Sensory Efficiency Skills

Photo shows a young student looking at a block using a CCTV.

Logo with a magnifying glass.Sensory efficiency skills refer to “how well an individual receives, transmits, and interprets information about people, objects, and events in the environment, using all sensory systems” (Smith, 2014, p. 117).

Sensory efficiency skills are important for both accessing the core curriculum as well as for accessing all other areas of the Expanded Core Curriculum (ECC). These skills are also important in fostering communication between learners and their peers.

Check out the Sensory Efficiency Skills section in #Outreaching - the blog of the PRCVI Outreach Team.


Connections to the BC Curriculum – Core Competencies

The British Columbia K-12 Curriculum emphasizes Communication as a core competency. Communicating encompasses “the set of abilities that people use to impart and exchange information, experiences, and ideas; to explore the world around them; and to understand and effectively use communication forms, strategies, and technologies.” The curriculum identifies three facets of communicating:

  • Connecting and engaging with others
  • Focusing on intent and purpose
  • Acquiring and presenting information

Sensory Efficiency Skills – Students with Visual Impairments

Students with visual impairments need to use all available senses to learn about and understand the world around them. These skills allow students to effectively access the curriculum, learn new concepts, and communicate with others.  

Examples of Sensory Efficiency Skills

  • Using listening skills to identify sounds and smells that indicate activities occurring nearby.
  • Can use a low vision aid to examine small objects, such as a picture in a book, or objects at a distance, such as a sign.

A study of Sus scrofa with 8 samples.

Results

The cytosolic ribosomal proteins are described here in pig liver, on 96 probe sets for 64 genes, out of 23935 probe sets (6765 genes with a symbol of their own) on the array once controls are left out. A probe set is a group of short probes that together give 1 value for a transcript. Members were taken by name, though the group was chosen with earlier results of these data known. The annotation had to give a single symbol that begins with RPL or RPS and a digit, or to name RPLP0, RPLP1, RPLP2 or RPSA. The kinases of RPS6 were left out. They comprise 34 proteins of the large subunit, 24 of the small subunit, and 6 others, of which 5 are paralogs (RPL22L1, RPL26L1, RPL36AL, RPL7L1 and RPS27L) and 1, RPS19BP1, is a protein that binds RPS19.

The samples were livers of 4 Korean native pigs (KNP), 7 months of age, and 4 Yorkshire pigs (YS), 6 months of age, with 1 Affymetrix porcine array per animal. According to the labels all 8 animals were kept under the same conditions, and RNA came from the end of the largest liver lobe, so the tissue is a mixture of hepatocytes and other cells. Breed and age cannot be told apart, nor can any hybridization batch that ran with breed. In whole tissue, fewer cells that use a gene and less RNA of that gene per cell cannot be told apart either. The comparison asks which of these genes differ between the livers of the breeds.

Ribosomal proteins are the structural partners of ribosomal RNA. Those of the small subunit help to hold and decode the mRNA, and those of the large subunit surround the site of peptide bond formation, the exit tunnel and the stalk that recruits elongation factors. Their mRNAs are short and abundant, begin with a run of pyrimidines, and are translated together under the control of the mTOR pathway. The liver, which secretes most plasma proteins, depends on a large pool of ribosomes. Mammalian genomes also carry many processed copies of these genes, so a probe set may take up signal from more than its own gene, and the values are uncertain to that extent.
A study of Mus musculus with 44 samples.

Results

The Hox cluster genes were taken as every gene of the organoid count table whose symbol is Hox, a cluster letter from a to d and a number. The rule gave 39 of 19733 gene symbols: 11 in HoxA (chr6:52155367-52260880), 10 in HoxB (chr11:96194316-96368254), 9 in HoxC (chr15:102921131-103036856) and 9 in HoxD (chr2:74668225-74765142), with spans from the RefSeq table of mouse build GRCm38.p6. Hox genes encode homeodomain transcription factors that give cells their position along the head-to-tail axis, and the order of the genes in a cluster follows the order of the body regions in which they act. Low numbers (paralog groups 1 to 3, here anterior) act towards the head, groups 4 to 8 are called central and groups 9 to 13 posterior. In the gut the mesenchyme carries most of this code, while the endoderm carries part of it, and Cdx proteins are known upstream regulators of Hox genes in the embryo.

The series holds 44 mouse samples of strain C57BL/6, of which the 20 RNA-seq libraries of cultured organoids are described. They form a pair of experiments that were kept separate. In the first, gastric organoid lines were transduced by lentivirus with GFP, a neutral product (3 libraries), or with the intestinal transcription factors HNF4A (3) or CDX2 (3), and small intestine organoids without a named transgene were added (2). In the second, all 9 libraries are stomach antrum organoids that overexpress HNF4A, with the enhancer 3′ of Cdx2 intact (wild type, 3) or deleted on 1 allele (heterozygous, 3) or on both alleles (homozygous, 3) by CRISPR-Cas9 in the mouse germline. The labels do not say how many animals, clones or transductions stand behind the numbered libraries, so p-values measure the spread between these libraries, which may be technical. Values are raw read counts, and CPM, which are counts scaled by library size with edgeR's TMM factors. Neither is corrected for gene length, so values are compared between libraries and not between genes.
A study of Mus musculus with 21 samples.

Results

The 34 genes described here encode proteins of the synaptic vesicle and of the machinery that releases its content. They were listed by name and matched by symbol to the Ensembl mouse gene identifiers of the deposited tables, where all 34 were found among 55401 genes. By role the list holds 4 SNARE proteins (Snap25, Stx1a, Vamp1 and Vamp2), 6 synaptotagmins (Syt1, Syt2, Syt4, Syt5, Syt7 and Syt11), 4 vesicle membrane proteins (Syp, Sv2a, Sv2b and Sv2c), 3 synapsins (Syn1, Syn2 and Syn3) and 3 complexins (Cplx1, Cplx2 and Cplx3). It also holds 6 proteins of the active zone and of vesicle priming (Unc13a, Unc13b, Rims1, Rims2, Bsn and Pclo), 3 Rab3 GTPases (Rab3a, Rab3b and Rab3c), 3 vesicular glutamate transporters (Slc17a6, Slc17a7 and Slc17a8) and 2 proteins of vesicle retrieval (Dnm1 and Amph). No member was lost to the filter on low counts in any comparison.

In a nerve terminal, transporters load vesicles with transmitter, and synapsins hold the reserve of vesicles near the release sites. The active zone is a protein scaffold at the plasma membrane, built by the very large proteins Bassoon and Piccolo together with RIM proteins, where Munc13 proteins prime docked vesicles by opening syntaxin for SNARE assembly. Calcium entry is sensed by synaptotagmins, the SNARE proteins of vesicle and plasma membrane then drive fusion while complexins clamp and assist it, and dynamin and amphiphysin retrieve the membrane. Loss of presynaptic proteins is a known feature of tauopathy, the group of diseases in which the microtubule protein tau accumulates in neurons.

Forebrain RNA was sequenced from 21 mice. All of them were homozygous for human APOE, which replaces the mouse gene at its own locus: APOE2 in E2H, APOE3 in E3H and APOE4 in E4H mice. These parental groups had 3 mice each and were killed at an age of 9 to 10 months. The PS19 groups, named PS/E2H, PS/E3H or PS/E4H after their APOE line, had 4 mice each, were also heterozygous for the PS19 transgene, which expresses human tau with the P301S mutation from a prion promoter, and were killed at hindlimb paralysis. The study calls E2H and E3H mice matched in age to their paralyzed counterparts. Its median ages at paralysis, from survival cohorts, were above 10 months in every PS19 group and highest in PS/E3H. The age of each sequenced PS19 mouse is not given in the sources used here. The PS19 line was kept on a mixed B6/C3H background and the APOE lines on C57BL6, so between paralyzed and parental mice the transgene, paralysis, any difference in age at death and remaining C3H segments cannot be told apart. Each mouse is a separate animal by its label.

• Uses touch, hearing, and vision simultaneously to successfully complete a task.

Resources to Support Instruction

PRCVI Library Catalogue

American Printing House for the Blind. Envision I: APH monocular trial kit. Louisville, KY: American Printing House for the Blind. [Resource Kit]

Barclay, L.A. (2012). Learning to Listen, Listening to Learn. New York, NY: AFB Press. 

D'Andrea, F. M., & Farrenkopf, C. (2000). Looking to learn: Promoting literacy for students with low vision. New York, NY: AFB Press. 

Easy Pocket Magnifier from Eschenbach in the PRCVI Library Catalogue. 

  • The 3X and 4X Easy Pocket magnifiers are great for students who want a convenient low vision device that they can discretely carry in their pocket or backpack. This tool is dispensed through the CLVP clinic - additional magnifiers are available on loan from PRCVI.

Web-Based Resources

Paths to Literacy. (n.d.). Play with Sound. Retrieved from

  • This digital journalism course was designed for students attending specialized schools for the blind but could be adapted to use with any student. The course uses the topic of journalism to teach skills such as using audio equipment, listening to information, presenting information (public speaking, articulation), and other skills related to various areas within the ECC.

Paths to Literacy. (2017). Listening Skills. Retrieved from

Texas School for the Blind and Visually Impaired. (2017). Fun Activities for Teaching Kids to Use Monocular Telescopes on a Low Budget. Retrieved from

Children's Low Vision Project of British Columbia (2019)

  • The CLVP team evaluates each student, prescribes and dispenses low vision devices, and makes recommendations to support the student, their family, teachers, schools, and other professionals serving the student. Mazes. Retrieved from

  • Blackline Masters for low vision device - thick lined mazes for tracking and video magnifier skill refinement. Free preschool and kindergarten maze worksheets, free downloads


Smith, M. (2014). Sensory Efficiency. In Allman, C. B., Lewis, S., & Spungin, S. J. (eds.). ECC essentials: Teaching the expanded core curriculum to students with visual impairments (pp. 117-186). New York, NY: AFB Press.